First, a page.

If you have some dish soap, a mug, and a bright light, we have a science experiment for you to try.

An iridescent soap bubble

We can think of light as waves traveling through space, like ripples across a pond. Light can have different wavelengths i.e. different distances between the crest of one wave and the crest of the next.

Different wavelengths of light give us the sensation of different colors. Those are some abstract, but basic ideas about light. Here’s how to see those ideas in action.

The Experiment

Make a solution of soapy water in a shallow bowl. Take a coffee cup and lower it, mouth down, into the soapy water, then lift it out gently. You want a thin soap-bubble film across the mouth of the cup (we explained why you need that thin film to create bubbles in this post, if you’re interested in how bubbles are made).

Now, hold the cup so the soap-bubble film is vertical. Hold it, so you can see the reflection of a bright light, such as the sky, in the bubble’s surface. After a few seconds you’ll see bands of color appear near the top of the bubble, slowly moving downward.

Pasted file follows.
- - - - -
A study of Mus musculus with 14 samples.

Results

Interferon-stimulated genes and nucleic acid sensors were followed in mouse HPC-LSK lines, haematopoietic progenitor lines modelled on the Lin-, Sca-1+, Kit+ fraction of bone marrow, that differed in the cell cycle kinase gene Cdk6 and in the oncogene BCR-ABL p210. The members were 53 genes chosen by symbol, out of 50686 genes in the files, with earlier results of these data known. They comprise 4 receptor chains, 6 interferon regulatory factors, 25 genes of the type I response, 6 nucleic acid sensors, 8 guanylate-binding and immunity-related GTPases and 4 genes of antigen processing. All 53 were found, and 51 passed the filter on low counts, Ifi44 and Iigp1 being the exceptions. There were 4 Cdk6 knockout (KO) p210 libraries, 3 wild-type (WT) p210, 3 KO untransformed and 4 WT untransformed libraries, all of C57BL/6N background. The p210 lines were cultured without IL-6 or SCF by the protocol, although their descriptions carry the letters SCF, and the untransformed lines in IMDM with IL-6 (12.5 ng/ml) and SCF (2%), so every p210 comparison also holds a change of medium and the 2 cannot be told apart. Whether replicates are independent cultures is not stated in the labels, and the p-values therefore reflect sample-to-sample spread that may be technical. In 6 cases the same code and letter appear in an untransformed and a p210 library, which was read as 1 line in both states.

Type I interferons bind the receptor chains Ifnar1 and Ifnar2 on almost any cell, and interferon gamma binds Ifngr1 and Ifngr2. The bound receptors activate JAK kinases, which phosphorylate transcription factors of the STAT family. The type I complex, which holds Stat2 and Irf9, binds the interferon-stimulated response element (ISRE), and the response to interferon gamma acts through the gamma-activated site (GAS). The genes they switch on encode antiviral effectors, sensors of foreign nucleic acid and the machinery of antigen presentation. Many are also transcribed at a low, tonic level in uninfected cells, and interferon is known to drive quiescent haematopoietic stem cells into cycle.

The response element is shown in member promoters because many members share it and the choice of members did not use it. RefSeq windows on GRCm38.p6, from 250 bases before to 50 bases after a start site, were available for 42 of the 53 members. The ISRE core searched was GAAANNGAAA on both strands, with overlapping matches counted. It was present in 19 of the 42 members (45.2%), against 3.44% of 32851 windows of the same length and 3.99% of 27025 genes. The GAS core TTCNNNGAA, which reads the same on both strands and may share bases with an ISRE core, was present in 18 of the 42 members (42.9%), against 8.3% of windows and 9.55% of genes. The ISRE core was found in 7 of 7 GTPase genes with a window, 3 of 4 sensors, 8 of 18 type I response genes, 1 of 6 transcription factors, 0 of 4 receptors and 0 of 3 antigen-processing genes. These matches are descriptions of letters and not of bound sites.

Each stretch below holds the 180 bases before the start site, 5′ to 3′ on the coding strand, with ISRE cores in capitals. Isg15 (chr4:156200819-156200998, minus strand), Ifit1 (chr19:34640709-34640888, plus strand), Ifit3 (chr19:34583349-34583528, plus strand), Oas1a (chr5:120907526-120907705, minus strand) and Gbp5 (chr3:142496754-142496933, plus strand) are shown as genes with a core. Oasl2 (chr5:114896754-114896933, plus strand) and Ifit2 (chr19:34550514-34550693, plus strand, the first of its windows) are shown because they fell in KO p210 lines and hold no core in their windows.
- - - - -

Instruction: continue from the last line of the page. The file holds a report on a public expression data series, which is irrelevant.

The soapy water has no color of its own. The thickness of the bubble makes the colors.

Wherever the bubble is thick enough to accommodate a whole number of waves of, say, red light, red light will be reflected to your eye, because red-light waves bouncing off the back side of the bubble will be exactly in step with red-light waves bouncing off the front of the bubble. The same goes for other colors. As the bubble’s thickness changes, so do the colors.

Iridescence

This is the same process that makes colors in oil floating on water. And most of the blue colors in bird feathers and butterfly wings also come about in the same way; Not through colored dyes (although scientists are attempting to create dyes to mimic this kind of coloring), but through reflection of light from both sides of a thin film.

  • C.J. Lynde, Science Experiences with Ten-Cent Store Equipment, 2nd ed. (1951);
  • R.P. Feynman, QED: the strange theory of light and matter (1985).